Exploring the roots of volcanic eruptions: Insights from deep magmatic processes
An exploration of deep magmatic processes occurring in the Earth's crust beneath volcanoes, which could contribute to linking these physical processes at depth with volcanic eruptions at the surface, has been carried out by researchers from the University of Bristol and the Swiss Federal Institute in Zurich. The experimental study is published in Chemical Geology.
Volcanic eruptions represent a substantial threat for almost 500 million people living close to violently erupting volcanoes. To distinguish whether an eruption will be explosive or not, it is fundamental to explore what occurs several kilometres below the ground.
Since there is no possibility of accessing the Earth's interior directly, experiments simulating magmatic processes at depth are of vital interest. Rheology – the study of flowing material undergoing deformation – is used to constrain the physics and dynamics of magmas. The main parameter to determine in rheological investigations is viscosity, which is the internal resistance of a material to flow.
Dr Mattia Pistone of Bristol's School of Earth Sciences and colleagues show that the contemporaneous presence of crystals and bubbles induce a significant difference in the rheology of magmas with respect to two-phase (bubble or crystals + silicate melt) systems.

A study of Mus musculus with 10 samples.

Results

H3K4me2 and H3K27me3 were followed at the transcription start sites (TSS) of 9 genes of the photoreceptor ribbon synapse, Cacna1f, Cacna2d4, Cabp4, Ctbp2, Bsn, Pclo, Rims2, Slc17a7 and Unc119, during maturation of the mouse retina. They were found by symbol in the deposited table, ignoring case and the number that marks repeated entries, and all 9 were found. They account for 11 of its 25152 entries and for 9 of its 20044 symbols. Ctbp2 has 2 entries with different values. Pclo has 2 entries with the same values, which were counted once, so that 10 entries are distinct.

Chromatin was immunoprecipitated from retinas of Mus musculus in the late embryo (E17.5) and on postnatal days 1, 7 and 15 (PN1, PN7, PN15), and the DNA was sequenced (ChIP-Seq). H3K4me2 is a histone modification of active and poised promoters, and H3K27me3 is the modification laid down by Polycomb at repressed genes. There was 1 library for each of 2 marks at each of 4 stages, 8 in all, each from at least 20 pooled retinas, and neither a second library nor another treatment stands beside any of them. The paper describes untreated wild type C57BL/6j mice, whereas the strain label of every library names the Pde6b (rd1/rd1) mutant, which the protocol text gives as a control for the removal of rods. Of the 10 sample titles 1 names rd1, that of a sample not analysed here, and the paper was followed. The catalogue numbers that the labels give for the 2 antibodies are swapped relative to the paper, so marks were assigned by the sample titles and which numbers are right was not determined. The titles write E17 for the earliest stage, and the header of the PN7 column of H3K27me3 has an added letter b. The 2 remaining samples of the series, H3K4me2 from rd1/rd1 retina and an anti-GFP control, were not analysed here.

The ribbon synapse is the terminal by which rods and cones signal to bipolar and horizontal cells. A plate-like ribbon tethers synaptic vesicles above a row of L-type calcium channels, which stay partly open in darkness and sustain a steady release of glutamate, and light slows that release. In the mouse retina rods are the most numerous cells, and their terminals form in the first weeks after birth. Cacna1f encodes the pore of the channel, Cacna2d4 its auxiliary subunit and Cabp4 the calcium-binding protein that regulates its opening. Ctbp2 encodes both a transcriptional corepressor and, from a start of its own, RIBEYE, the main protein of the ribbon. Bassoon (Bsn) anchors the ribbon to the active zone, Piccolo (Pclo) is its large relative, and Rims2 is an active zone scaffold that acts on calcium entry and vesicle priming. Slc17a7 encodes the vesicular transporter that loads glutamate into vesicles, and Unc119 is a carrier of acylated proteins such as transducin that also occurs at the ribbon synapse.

Crystallization and efficient gas removal from magmatic bodies lead to a substantial increase in magma viscosity and, eventually, to their 'viscous death' in the Earth's crust. On the contrary, the significant decrease of viscosity associated with the presence of limited volumes of gas could promote mobilization of the magma bodies and the generation of large explosive eruptions.
Dr Pistone said: "A possible implication of these new experimental findings is that gas-bearing magmas are rheologically mobile and may have a high tendency to feed explosive volcanic eruptions.
"For a truly multidisciplinary application to volcanic risk and mitigation, combining the experimental experience with the direct real-time monitoring of active volcanoes would greatly help volcanologists to decipher the precursor events – volcanic tremor, degassing, ground deformation – and extract from them the right information on the magmatic processes occurring at depth. This might be the first small step for multidisciplinary volcanology, but a giant leap towards volcanic forecast."